A former sports betting trader who cheated Singapore Pools of about $200,000 by setting up a scheme with a colleague to manipulate football odds was jailed for four years yesterday.
Ricky Widjaja, 26, admitted to 13 of 52 counts of scheming with Thomas Tong Heng Huat, 32, to use a computer to access a programme called Margin Maker 2 (MM2), with the intention to cheat Singapore Pools.
District Judge Toh Yung Cheong denied bail for the permanent resident, pending his appeal against the sentence.
The court heard that some time in August 2011, the pair decided to cheat their employer by using MM2 to manipulate the odds for the "total goals: over/under" category of bets for various league and international football matches.
The plan entailed either man working on-shift at the trading room in Singapore Pools' headquarters. The person off-shift would typically place a bet that his conspirator would accept before lowering the odds minutes later.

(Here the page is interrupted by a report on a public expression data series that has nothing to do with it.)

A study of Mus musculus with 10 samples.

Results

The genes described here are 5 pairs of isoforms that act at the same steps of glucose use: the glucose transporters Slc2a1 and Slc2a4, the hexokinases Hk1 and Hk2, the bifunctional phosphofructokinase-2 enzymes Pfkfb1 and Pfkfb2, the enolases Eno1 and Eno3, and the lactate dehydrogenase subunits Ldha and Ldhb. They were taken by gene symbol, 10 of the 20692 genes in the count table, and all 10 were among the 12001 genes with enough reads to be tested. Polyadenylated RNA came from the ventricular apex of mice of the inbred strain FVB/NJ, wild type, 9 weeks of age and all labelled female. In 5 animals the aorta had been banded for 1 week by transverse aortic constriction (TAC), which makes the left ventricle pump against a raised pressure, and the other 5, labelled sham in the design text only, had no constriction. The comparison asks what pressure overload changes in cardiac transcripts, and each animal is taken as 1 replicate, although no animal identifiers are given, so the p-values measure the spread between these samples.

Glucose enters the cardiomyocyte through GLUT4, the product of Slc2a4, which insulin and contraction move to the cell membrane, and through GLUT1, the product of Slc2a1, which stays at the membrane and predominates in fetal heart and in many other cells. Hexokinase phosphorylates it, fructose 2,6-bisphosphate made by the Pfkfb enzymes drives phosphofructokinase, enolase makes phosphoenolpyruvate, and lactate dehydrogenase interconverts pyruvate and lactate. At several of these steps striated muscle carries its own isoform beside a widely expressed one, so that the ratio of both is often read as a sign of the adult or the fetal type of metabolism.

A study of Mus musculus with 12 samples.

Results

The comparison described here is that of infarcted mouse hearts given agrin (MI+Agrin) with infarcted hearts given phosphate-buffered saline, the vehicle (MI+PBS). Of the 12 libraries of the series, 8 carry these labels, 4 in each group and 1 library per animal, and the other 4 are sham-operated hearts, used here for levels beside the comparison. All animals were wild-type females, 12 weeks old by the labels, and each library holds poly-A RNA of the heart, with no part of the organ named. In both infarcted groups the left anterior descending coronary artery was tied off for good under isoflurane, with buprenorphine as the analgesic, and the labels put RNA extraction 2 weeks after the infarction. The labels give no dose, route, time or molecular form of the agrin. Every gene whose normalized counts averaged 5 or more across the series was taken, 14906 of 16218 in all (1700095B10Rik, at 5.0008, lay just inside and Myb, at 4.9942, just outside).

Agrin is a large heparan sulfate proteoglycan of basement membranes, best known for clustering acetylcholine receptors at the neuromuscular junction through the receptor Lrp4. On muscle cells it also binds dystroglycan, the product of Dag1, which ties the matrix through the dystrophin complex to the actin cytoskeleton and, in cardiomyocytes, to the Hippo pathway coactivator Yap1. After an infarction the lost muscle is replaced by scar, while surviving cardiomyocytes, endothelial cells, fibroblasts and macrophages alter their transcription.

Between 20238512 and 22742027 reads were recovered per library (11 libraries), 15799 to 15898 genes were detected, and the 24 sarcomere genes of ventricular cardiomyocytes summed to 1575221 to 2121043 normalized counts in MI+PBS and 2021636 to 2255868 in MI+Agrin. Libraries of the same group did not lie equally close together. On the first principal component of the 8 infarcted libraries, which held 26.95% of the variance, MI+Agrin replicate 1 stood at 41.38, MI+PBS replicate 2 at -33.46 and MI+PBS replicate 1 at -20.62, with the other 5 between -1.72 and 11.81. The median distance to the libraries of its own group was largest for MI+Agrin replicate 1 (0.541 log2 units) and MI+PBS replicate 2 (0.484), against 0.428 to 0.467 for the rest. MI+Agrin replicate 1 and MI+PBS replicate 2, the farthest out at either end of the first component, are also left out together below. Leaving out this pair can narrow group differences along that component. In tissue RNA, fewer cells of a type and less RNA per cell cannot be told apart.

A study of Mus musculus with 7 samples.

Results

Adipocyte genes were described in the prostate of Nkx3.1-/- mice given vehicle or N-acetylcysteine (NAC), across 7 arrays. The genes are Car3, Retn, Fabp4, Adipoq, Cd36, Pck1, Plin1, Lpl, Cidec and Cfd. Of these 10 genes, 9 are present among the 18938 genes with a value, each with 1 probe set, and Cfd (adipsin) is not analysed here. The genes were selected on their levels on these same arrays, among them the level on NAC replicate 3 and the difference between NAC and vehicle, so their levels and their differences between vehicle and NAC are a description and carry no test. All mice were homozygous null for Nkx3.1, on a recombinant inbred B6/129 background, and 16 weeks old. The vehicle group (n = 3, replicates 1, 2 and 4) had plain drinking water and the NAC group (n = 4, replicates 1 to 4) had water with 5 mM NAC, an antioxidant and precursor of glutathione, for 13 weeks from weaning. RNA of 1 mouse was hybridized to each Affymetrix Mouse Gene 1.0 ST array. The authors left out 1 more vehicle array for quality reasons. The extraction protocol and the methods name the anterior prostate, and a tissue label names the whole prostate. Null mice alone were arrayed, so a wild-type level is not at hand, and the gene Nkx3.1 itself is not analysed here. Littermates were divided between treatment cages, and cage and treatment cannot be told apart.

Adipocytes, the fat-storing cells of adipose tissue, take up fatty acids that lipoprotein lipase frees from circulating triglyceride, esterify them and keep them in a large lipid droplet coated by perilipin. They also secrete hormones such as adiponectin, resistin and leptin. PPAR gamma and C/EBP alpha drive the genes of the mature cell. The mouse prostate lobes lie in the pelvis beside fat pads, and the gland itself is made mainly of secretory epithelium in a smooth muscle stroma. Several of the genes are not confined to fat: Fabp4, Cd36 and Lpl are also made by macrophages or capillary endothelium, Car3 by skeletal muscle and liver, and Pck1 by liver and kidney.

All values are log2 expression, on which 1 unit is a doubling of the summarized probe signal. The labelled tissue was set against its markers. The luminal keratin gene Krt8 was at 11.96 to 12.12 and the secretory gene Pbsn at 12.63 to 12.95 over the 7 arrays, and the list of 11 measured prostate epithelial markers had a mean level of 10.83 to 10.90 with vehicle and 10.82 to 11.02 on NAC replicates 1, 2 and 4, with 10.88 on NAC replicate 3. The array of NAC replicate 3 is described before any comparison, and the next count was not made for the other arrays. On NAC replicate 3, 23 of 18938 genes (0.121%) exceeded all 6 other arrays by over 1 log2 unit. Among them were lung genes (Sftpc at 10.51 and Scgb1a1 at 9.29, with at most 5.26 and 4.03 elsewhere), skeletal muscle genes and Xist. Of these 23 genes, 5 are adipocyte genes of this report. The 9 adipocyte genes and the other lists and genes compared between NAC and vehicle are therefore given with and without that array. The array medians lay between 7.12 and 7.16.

The duo would coordinate their actions by sending messages to each other, thus creating a "sure win" situation for themselves and a corresponding "sure lose" situation for Singapore Pools. The winning tickets would be redeemed at various Singapore Pools outlets.
Their scam went undetected for a substantial number of matches over a period of almost five months. Investigations showed that they employed this tactic for 52 football matches between August 2011 and January 2012.
The scheme was unravelled only after Singapore Pools discovered on Jan 20, 2012 that Widjaja had breached staff regulations by placing bets at an outlet. Their bets ranged between $12,000 and $38,000, with winnings of up to $44,000.
After Widjaja was suspended, he deleted text messages and a Microsoft Excel sheet containing details of the offences.
Widjaja's lawyer Melanie Ho made an impassioned plea for a pre-sentence report to be called.
She said that her client had made full restitution not only for the amount he took but also for Thong's share. Thong is now behind bars for five years and four months for similar offences.
Judge Toh declined to call for a pre-sentence report, given the very serious nature of the offences.
This article was first published on July 3, 2015.